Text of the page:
What are some of our earliest recollections of visiting a village? Is it our vehicle struggling to make its way through the potholes? Or the soothing sight of the endless stretch of rustling green paddy?
|| By Shaily Mishra
Is it the content faces of the village folks occupied with their doable goals or our tightly withheld jaw-drop gazing the countless stars in the open sky? Village seems like a far time acquaintance filled with speculation, reminiscences and tranquility. But, are we equally compelled to get transfixed when a news or a story from rural India pops up? How much bothered we felt ourselves after watching a fleet of migrant laborers stuck in Kashmere Gate Bus Terminal or after reading the news notification about 16 exhausted migrants who fell asleep on tracks and were run over by a train?
Maybe, it’s the very nature of news to be held responsible, as the fundamentals of news states that proximity, prominence, and oddity are the prerequisite essence of any news to be felt relevant to us. And, villages mount on the brink of our imagination of geographical boundaries, with their unschooled populace and rather too simplistic stories in front of our sophisticated jargons of jeopardy. All the while the caste and feudal system, fueled with an oppressive patriarchal grip, stagnates the Indian rural households and forms the genesis of any conflict. Though the middle cinema of the 1970s opened a valve to the exhibition of rural plight and pleasure, it’s rejuvenation seems futile with celebration of nationalist, pro-industry, glamourized version of India. This has created a safe milieu for cultural imperialism to spread its wings, pulling us further away from the grassroot realities of the Indian diaspora. It comes as no surprise that the suburbs of America seems more closer than the villages in the outskirts of the city we dwell in.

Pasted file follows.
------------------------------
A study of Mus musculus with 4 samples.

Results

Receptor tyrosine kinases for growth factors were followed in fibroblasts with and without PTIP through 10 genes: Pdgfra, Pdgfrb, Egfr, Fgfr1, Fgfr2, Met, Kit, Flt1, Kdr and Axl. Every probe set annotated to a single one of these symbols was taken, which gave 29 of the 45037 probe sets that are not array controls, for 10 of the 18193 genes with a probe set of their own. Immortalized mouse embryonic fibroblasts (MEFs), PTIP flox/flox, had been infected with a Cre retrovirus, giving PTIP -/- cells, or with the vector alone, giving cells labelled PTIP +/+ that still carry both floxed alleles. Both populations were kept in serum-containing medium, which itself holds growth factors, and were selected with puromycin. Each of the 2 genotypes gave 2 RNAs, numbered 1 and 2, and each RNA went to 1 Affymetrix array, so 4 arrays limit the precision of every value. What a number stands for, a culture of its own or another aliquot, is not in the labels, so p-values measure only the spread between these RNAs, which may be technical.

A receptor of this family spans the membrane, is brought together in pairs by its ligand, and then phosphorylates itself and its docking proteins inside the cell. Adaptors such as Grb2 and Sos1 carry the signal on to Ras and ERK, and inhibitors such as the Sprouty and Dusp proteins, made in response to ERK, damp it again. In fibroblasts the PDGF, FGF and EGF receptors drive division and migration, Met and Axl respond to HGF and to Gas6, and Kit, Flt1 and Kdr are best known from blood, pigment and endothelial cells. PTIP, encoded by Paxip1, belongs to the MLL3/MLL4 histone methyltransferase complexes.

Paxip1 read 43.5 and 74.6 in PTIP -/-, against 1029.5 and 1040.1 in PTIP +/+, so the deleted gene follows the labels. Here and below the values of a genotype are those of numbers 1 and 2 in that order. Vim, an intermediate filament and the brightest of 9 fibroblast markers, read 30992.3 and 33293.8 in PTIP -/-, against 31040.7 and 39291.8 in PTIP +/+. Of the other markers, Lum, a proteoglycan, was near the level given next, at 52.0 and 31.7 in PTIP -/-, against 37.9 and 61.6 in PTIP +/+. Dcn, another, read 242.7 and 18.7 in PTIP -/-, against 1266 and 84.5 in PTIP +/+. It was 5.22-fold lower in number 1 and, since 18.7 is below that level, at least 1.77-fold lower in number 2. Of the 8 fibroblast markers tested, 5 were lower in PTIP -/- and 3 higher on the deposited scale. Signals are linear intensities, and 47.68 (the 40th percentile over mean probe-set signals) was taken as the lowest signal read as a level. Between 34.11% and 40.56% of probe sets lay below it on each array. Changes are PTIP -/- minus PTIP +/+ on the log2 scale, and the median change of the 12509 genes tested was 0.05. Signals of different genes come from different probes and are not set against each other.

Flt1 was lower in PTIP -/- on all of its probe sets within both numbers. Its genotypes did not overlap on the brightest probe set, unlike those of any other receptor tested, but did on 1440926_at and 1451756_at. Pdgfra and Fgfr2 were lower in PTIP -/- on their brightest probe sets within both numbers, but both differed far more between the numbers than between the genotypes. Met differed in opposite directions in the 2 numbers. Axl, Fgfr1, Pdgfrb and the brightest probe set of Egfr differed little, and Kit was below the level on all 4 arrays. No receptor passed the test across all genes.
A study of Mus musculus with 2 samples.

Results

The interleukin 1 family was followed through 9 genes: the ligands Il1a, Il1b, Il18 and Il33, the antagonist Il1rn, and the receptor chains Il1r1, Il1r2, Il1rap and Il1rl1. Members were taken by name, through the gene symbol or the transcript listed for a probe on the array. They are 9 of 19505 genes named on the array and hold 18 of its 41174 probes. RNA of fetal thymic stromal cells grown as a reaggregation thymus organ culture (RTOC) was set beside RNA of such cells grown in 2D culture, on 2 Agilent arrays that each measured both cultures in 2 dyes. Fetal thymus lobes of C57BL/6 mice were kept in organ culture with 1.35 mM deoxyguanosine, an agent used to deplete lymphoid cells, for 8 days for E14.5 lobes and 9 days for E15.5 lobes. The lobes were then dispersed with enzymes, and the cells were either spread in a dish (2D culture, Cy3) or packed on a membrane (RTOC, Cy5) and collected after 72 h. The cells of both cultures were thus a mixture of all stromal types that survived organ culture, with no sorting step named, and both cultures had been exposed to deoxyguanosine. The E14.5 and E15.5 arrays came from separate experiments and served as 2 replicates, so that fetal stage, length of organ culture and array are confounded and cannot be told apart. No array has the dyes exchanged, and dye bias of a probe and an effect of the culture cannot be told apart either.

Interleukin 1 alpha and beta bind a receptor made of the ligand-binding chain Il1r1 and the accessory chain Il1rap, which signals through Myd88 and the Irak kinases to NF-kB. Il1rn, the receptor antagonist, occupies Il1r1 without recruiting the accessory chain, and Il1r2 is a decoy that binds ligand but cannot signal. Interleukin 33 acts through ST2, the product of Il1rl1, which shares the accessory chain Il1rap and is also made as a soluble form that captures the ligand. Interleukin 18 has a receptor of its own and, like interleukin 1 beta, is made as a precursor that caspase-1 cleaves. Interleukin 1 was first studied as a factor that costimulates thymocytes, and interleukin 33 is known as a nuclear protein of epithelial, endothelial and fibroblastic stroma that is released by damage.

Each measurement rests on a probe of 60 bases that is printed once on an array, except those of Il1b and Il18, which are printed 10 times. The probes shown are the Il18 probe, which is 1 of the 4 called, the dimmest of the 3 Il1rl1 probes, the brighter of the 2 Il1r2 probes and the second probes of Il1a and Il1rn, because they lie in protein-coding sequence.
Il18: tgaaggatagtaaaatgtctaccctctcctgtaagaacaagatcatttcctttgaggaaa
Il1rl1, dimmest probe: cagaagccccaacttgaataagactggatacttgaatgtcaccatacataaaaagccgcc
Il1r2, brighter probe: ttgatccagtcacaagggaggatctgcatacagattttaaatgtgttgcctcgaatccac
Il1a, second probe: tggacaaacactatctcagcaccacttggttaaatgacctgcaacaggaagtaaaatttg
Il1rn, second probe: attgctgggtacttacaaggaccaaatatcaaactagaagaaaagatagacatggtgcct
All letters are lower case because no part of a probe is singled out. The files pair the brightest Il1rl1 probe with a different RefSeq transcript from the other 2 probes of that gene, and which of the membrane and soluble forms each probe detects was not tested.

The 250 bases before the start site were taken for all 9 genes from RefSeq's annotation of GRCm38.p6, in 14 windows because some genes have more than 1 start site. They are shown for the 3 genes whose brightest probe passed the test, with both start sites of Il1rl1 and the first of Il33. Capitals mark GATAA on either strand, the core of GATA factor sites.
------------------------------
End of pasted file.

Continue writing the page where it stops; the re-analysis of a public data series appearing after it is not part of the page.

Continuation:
The Indian lyricist and screenwriter, Varun Grover tweeted that as a city-kid we do not only take access to food, electricity, water, love and care for granted, we also grow up believing by the virtues of our multiple levels of privileges that we have actually earned it. This is one of the many subconscious reasons behind our nonchalance towards news from the rural heartland. For downtrodden daily wagers, the option is unambiguous, either to die of hunger within the walls or die of scaling the same. And, in the center stage questions circumscribing PM Cares Fund, an initiative that seemed to smoothen all the future irregularity of Covid19 in India, is no strange because people are still speculating of its appropriate usage with their bated breath. Questioning the authority for accountability of its actions should never be taken with personal sentiments. As nevertheless biases in any sphere of life only brings misery for the rest.
Villages are significant, no matter how far we might have moved away from it or no matter how minuscule its traces are present in mainstream or high culture media texts. Having faith and boosting the spirit of those abiding by the lockdown and those risking themselves to ensure its smooth rollout is worth applauding but esteem can be sufficed once basic physiological needs are met. This is what Maslow Hierarchy of Needs model had to say, one of the foremost models taught in advertising, now wholly shrugged off by the far-right governments that heavily rely on them. The jingoism shall thrive and those starkly affected by the lockdown might still hail the government’s inability as an unintentional amiss, but questions raised have to be barred from hostility and skepticism. At least amid this crisis, criticism has to be absorbed and reverberated in an unconventional way to facilitate redressal of grievances of everyone, migrant laborers, villagers, everyone.